Liquid assets

by Toby Swaford, K-12 Education Coordinator

Diamonds, courtesy Creative Commons

Pressure makes diamonds.  Well, to be honest, it has to be the just the right mixture of pressure and heat to create a diamond.  Formed from carbon, diamond is the hardest naturally occurring substance known to man.  Under more extreme conditions that same carbon could become graphite.  So soft it can be used as a lubricant, and perhaps most familiar as the stuff inside of a pencil, graphite takes its names from the Greek phrase meaning “to write.”

Although we often think of it as rare, diamond is actually a relatively common material on our planet; it’s just not always easy to get to.   Diamonds have even been found along the Front Range. The Kelsey Lake Mine, located north of Fort Collins, produced specimens between 14 and 26 carats.  In spite of their impressive finds the mining company eventually went bankrupt; in the end it simply cost too much to excavate and remove the diamonds for the company to turn a profit.  Similarly, there are millions of dollars in gold floating about our oceans, yet it would take many times what that gold is worth for it to be successfully extracted.

All of this raises a question; if the oceans on Earth are teaming with mineral resources, what about those on other planets?  According to a recent article in the scientific journal Nature Physics, Uranus and Neptune could have oceans made not of water, but of liquid diamond.   However, before you start planning a trip to the Neptunian seaside, remember that this idea is still theoretical. The information behind the research hasn’t come from the latest fly-by of a space probe, but instead from a lab right here on Earth.

Neptune, courtesy solarsystem.nasa.gov

Courtesy Starryskies.com

Research looking at the melting point of diamond has determined that, under the right circumstances, it acts a lot like water both when melting and freezing.  Solid chunks of diamond will even float in the liquid much like ice floats in water.  Of course, finding the exact temperature that will melt diamond is almost impossible.  This is because it’s not simply a question of adding heat, but adding pressure as well.  How much pressure?  In the most recent experiments, a team of scientists applied pressure along with the intense heat of lasers to a diamond (a tenth of a carat in weight and half a millimeter thick). They reached the diamond melting point at 40 million times the pressure we would experience at sea level here on Earth.  The liquid diamond didn’t begin to return to its solid form until the pressure was reduced to a level roughly measuring11 million times that of sea level.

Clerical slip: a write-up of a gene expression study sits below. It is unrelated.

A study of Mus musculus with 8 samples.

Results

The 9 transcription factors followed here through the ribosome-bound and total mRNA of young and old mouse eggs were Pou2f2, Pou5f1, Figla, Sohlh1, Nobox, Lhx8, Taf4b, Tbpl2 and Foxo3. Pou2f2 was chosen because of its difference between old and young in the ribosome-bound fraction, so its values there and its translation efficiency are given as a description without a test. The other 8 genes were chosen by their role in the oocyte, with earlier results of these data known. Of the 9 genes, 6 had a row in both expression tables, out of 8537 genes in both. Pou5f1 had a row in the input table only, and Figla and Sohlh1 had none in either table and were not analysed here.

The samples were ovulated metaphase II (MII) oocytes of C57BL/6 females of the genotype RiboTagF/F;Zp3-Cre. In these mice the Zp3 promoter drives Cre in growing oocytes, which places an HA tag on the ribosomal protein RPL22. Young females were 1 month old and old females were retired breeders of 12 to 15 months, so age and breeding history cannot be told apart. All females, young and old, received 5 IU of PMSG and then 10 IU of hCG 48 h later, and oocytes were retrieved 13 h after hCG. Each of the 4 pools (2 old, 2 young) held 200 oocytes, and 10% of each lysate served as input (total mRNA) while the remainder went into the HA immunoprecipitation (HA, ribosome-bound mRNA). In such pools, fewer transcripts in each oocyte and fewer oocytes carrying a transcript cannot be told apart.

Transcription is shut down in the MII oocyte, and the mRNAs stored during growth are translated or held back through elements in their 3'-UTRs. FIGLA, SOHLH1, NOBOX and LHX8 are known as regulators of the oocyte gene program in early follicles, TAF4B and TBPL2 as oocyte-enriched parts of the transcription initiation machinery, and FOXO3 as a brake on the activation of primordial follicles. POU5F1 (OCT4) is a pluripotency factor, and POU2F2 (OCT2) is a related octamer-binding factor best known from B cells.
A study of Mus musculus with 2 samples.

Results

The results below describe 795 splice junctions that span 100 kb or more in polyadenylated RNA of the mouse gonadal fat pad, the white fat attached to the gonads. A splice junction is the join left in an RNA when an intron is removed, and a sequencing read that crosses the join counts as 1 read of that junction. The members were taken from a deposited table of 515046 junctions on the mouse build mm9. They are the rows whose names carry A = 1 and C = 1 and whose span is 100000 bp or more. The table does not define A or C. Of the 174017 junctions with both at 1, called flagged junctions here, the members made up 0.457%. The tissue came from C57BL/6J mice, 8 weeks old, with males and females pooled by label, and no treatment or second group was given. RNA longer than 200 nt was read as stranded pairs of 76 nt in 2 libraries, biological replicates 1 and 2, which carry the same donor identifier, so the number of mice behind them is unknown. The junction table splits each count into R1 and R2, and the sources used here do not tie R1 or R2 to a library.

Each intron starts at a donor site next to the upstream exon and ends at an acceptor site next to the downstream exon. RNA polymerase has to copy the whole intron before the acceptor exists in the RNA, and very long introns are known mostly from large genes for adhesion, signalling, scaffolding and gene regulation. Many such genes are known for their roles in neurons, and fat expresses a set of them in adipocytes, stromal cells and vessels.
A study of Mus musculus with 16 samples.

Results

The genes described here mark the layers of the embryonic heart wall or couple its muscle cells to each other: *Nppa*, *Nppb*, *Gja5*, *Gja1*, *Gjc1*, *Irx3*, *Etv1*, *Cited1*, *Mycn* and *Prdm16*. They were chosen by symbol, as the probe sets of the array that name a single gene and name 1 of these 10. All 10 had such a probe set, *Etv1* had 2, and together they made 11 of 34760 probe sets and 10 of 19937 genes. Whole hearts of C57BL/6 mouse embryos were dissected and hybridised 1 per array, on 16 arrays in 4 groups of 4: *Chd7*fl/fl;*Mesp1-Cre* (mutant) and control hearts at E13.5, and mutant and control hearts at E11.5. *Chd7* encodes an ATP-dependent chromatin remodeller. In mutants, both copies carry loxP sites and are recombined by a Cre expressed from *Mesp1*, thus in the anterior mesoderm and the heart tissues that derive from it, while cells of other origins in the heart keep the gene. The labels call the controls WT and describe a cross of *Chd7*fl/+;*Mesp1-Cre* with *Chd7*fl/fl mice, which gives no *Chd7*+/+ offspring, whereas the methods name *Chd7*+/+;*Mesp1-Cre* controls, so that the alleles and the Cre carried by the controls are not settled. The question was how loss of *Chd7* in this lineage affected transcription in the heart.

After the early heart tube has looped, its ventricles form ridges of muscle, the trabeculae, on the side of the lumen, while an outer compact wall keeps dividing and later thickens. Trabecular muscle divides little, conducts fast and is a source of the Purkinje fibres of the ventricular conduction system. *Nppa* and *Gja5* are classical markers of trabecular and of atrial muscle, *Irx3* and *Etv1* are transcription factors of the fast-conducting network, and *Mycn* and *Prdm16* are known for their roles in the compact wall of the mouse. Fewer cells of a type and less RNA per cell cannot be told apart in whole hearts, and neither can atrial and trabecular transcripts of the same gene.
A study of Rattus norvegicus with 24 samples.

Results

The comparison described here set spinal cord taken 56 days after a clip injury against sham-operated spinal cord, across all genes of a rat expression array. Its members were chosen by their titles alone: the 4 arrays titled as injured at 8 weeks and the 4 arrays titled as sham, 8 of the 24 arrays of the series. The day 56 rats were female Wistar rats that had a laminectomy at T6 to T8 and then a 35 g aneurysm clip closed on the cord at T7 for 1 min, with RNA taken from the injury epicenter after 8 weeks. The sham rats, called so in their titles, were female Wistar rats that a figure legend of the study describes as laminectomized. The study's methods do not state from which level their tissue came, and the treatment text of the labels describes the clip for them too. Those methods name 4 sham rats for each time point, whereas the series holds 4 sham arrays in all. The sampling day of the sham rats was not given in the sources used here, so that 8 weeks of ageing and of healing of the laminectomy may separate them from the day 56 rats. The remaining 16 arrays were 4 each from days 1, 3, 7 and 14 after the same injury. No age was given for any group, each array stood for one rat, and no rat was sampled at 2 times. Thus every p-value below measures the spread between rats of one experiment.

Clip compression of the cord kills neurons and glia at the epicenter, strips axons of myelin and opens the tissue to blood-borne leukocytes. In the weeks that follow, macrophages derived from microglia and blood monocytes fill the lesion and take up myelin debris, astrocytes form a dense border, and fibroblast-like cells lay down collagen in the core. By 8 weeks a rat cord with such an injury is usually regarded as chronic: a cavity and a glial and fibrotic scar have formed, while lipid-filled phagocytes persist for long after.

According to Tom Duffy, a scientist at Princeton University, the idea of liquid diamond oceans on Uranus and Neptune is not a new one, and the current research helps support the idea. The findings may also explain another phenomenon of those distant plants: the strange placement of their magnetic poles. Both Uranus and Neptune have magnetic poles that are roughly 40 to 60 degrees off their geographical north – south axis.  To give you an idea of how far off the mark that is, it would be like finding the Earth’s magnetic North Pole in the middle of Texas.  Scientists think that oceans of liquid diamond may help explain the pole discrepancy and other anomalies that have been observed with both Neptune and Uranus.

Before any kind of conclusion can be drawn there will need to be much more research conducted, including sending more advanced probes to various planets of our solar system.  In the meantime, we can continue to study some of the same types of phenomena right here on Planet Earth.  Isn’t it nice to know that we can reach so far and learn so much without ever having to leave home?